The Bicentennial National Trail in Australia covers an astounding 5,330 km of land that ranges from Cooktown in North Queensland to Healesville in Victoria. While the idea of trekking such an expansive trail on horseback might not appeal to anyone but the hardiest of riders, for one Aussie equestrian, it’s the goal and achievement of a lifetime.

Rowena Dowling was born blind in one eye, but grew up riding alongside her father who owned Arabians and gifted his daughter a chestnut filly in her youth. Dowling became a nurse, but when a glaucoma diagnosis in her 20s took her remaining sight, she thought her riding days were over.

For years Dowling adjusted to being blind and lived a fulfilling life, but she was still passionate about horses and riding, which she missed. Then it all changed when she met a woman who worked with the visually impaired. Dowling told a reporter from ABC News in Australia, “I said to her, ‘I never even considered as a blind person going back to riding, but would you be prepared to support me and be my eyes when I’m riding a horse? And she readily agreed.”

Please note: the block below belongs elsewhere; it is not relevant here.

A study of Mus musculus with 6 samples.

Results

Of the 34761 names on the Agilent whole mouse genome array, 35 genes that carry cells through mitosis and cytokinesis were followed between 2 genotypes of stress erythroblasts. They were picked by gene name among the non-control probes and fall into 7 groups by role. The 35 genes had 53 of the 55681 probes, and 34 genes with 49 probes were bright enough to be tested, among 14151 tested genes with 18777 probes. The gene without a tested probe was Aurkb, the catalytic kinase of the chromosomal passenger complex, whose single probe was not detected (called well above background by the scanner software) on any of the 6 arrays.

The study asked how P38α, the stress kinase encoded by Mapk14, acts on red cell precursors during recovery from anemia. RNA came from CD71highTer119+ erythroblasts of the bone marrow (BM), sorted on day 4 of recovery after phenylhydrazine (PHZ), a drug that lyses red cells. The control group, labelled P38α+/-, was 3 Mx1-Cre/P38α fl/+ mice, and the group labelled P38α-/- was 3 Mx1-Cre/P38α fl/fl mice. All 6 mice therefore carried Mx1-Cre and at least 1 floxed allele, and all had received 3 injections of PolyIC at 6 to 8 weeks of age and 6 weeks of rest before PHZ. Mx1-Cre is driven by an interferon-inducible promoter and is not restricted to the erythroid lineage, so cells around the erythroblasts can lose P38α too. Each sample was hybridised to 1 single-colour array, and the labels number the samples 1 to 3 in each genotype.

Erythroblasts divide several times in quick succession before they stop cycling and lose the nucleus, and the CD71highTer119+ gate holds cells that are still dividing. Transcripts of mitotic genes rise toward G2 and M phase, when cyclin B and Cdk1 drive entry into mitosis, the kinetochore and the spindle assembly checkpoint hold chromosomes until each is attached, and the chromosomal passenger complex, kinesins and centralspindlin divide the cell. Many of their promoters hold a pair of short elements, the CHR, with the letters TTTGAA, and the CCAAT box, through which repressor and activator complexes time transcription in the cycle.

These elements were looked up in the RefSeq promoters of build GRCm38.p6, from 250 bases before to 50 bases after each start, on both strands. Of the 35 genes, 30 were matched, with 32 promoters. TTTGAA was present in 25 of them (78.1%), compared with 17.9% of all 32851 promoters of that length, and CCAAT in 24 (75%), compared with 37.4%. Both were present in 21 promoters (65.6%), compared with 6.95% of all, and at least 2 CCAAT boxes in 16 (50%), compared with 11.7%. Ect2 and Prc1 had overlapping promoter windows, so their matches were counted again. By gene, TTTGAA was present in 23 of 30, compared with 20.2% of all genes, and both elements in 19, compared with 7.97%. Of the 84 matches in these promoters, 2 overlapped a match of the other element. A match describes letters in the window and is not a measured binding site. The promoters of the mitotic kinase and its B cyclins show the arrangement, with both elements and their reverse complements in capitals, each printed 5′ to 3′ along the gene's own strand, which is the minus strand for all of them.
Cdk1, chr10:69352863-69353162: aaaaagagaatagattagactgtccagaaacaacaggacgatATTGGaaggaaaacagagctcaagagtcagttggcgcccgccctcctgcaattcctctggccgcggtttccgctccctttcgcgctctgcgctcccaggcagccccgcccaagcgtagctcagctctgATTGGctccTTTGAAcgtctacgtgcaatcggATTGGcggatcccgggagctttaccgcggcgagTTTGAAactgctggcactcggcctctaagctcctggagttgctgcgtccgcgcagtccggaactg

Approximately 12 months later, Dowling has her own horse, a 10-year-old Quarter Horse mare named Ice. The former nurse takes lessons and also started trail riding with the help of a sighted support rider who rides behind Dowling and Ice.

Falling in love with riding again is what inspired Dowling to ride Ice on the Bicentennial National Trail. According to her Facebook posts, the goal is to begin the ride in May 2022 and as part of the journey, Dowling will be fundraising to help organizations that help people with a disability “thrive, not just survive,” such as Vision Australia, Guide Dogs Australia and Diabetes Australia. She’s also asking for sponsorship to cover the cost and logistics of the ride as well as support riders to assist her with training over other trail rides in southeast Queensland before she sets out on the epic National Trail.